JP On Gaming

Wednesday, September 2, 2015

Five people who influenced my adventure writing

I have been thinking about a lot of things recently, and one thing I kept thinking back to were a number of people who have greatly influenced and changed the way I write. I have been looking over old Living Greyhawk adventures I wrote in 2003-07, I have to say that my writing style has greatly evolved over the years, from "Burned Flour in High Dough" to "Whose Cuisine Reigns Supreme" to "Encounter at Ramat Bridge" and now into my latest Saggakar adventures, my style has definitely evolved.

I consider these five people to hold an important place in my personal development and I value their contribution to my craft a lot, whether it is because they did things right or did things wrong. I was able to grow from their work.

This article focuses on my organized play adventures.

Eric Menge Back in 2004, I took a trip to Quantico VA for RaptorCon. I was, in those days a fairly new triad and had yet to travel much beyond the borders of Quebec (for LG). While I had heard stories of "other regions", I thought everywhere resembled our region: a well-hidden convoluted plot that was hard guess and where players had little to do with what happened. Then I went to RaptorCon. Eric' masterful storyline was exactly what I wanted to do with Tusmit. It relied on known NPCs, important plot points, unique adventures, all things I wanted to bring to the players of Tusmit. That weekend, I slept about 4 hours across three nights. But it was worth it.

KF Cole I met KF later, when I was in Colorado. He and I hit it off. He really enjoyed the stories and plotlines I worked on with the County of Urnst. Then after the death of LG, he contacted me and asked me about creating a new world, based on an organized play campaign. Start small and grow from there? Sounds familiar? Though I admit that at first, I was lukewarm to the idea and my involvement in the early project my not have been as good as we both wanted, I still think a lot of good material happened. To this day, we keep in touch and I sent him a (very early) draft of the Tyrants of Saggakar Player's Guide.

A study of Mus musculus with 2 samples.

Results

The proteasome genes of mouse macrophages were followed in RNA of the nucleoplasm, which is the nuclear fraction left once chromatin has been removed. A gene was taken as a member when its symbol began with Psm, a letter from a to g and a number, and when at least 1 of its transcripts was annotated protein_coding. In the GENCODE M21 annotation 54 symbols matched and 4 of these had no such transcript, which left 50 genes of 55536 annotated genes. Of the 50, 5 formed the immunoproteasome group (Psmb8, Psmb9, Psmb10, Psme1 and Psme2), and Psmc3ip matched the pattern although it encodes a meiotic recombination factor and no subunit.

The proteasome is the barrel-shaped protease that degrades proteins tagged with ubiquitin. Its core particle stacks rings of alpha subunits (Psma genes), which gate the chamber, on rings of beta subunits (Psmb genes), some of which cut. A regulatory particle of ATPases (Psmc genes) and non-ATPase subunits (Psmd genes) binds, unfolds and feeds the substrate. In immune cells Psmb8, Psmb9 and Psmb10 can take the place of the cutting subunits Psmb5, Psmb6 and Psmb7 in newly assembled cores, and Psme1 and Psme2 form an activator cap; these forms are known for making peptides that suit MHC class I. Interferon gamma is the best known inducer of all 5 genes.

Louis Porter Jr Did you really think I'd skip LPJ? Though LPJ did not influence HOW I wrote, he did influence me in the way I go from idea to document. If you've never worked with him, he is a man of ideas (sometimes he's got too many). Ideas taken from a variety of sources, and he likes to take a trope, flip it on its head, then give it a few spins and see what happens. This way of playing with the tropes has been central to the creation of both Saggakar and Legacies. He also got me back into the world of comics. I have been reading a lot of comics from the 60s to the 90s (the more modern stuff I don't like very much).

Bradley Fenton (note that I have nothing against Brad, I disliked HOW he planned things, and this criticism is about that methodology, not the man) Brad is an influence in how NOT to do things. Brad is the man who got Living Greyhawk started in Quebec, getting us the nation of Tusmit. His original proposal for a 5-year storyline was awesome. It dealt with the return of the previous Pasha, which is exactly what we did in the end. How we got there was very different but the plot was solid. What I disliked was how he wanted to do it. Rather than having a series of major plotline adventures, he had planned out every adventure with great details, perhaps too much so. With each revelation integral to the plot (a good thing), but spread out thinly over 3 years... Without any room for anything that was not related to the core storyline. From him, I learned to define the overall idea the "points A and B" but to let things evolve between those points, to work with stories at a granular level and advance the plot that way. Perhaps it is just me. Okay it is VERY likely just me.

Lady D'Anne Goldstein How can I write such a list and NOT put down D'Anne's name? She stormed and beat up really bad on so many "great" ideas I had over the years and she has been a springboard for ideas. She did go over a lot of my stuff, and forced me to improve and make things better, avoiding contractions, numeric values and colloquialisms while writing. We took a nation in transition (the previous story arc had ended and no major plot line had yet started) and within a year turned it into one of the most vibrant regions in the west.

Of course, I owe all of them a big thank you, for putting me on a the path I am now and allowing me to avoid pitfalls. So from me to you: a big thank you!